Mars Has Too Little Methane to Support Life, Study Finds
Methane, which results from the decay of organic matter, wasn’t detected on Mars, suggesting the planet probably doesn’t support living microbes, according to new readings from the Curiosity rover.
The craft has identified no methane on its sensors, and the greatest amount of the gas that may exist in the atmosphere is about 1.3 parts per billion, about six times lower than previous estimates made by earth-bound telescopes and orbiting satellites, according to a paper released today in the journal Science.
Earth has about 1,800 parts per billion of methane in the atmosphere, said Chris Webster, a study author and the director of the microdevices lab at NASA’s Jet Propulsion Laboratory in Pasadena, California. The gas is mostly the result of the decay of organic matter, and a signal of biology. Higher readings of methane on Mars taken from Earth and orbiting satellites raised hopes that microbes might lie beneath the Martian surface, Webster said.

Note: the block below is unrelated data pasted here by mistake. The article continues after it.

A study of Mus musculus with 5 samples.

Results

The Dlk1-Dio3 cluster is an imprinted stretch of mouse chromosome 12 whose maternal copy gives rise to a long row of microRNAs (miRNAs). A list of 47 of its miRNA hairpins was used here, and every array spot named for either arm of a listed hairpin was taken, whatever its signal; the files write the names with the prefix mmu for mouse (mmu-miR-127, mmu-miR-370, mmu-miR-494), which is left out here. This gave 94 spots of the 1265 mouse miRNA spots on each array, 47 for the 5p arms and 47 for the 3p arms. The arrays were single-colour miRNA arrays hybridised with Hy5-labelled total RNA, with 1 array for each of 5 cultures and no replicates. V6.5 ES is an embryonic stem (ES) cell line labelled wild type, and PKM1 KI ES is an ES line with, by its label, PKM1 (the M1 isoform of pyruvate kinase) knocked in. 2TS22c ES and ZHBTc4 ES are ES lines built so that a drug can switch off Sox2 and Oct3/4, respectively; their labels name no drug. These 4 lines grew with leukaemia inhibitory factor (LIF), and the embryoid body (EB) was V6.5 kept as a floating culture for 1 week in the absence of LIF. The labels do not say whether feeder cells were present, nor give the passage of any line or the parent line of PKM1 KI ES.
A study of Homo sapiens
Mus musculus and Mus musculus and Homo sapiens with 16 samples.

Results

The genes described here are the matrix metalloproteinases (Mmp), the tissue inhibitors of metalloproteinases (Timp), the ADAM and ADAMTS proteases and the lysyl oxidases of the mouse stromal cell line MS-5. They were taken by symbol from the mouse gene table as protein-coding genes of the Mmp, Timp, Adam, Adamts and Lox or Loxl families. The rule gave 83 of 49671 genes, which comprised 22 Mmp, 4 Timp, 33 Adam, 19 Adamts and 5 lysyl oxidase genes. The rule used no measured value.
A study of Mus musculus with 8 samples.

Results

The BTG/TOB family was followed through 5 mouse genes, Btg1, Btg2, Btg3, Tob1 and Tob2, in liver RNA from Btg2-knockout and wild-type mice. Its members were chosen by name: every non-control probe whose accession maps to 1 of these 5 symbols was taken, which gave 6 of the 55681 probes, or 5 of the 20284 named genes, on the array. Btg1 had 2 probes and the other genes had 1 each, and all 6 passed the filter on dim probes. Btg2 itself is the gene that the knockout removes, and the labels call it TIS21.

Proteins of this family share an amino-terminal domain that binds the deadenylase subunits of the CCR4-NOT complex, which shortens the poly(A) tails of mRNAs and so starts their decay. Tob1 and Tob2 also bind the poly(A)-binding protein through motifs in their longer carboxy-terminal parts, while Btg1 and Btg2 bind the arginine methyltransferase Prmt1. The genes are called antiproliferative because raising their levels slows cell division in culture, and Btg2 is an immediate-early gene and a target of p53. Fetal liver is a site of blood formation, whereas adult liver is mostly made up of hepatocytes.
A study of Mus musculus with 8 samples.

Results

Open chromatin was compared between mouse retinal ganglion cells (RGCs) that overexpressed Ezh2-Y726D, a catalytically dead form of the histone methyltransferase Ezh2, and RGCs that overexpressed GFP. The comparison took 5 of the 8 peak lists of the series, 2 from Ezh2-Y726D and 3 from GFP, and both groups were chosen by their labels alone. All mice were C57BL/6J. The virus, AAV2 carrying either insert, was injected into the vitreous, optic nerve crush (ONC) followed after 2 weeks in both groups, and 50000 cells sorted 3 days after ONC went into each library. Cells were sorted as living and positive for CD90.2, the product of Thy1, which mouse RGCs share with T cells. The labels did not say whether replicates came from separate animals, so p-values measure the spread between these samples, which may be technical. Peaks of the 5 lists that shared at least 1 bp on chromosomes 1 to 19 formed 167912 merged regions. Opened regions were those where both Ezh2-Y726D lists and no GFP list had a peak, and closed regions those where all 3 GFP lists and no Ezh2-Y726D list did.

“There aren’t significant amounts of methane, so that paints a whole different picture,” Webster said. “We can say that there isn’t significant microbial activity.”
That doesn’t rule out the possibility that some microbes don’t produce methane, Webster said. The reading also doesn’t mean that life forms have never existed on Mars, he said.
“Curiosity established that it was a habitable world about a billion or less years ago, with water flowing and energy --the right ingredients for simple life forms,” Webster said.
Some previous readings found plumes of methane, which appear to have dispersed, with as much as 45 parts per billion, Webster said. Another report, from an orbiter, said that it detected 10 parts per billion, plus or minus 5. Some scientists have criticizing the methods used to make those readings.
“That’s in part because they’re very difficult observations,” Webster said. The sensor on Curiosity is more sensitive and doesn’t have to be read through Earth’s dense atmosphere, he said.
Though Curiosity is measuring in only one place, the atmosphere on Mars mixes and turns over every few months, Webster said. So if there were a plume somewhere, it would mix to form the background atmosphere being analyzed by Curiosity.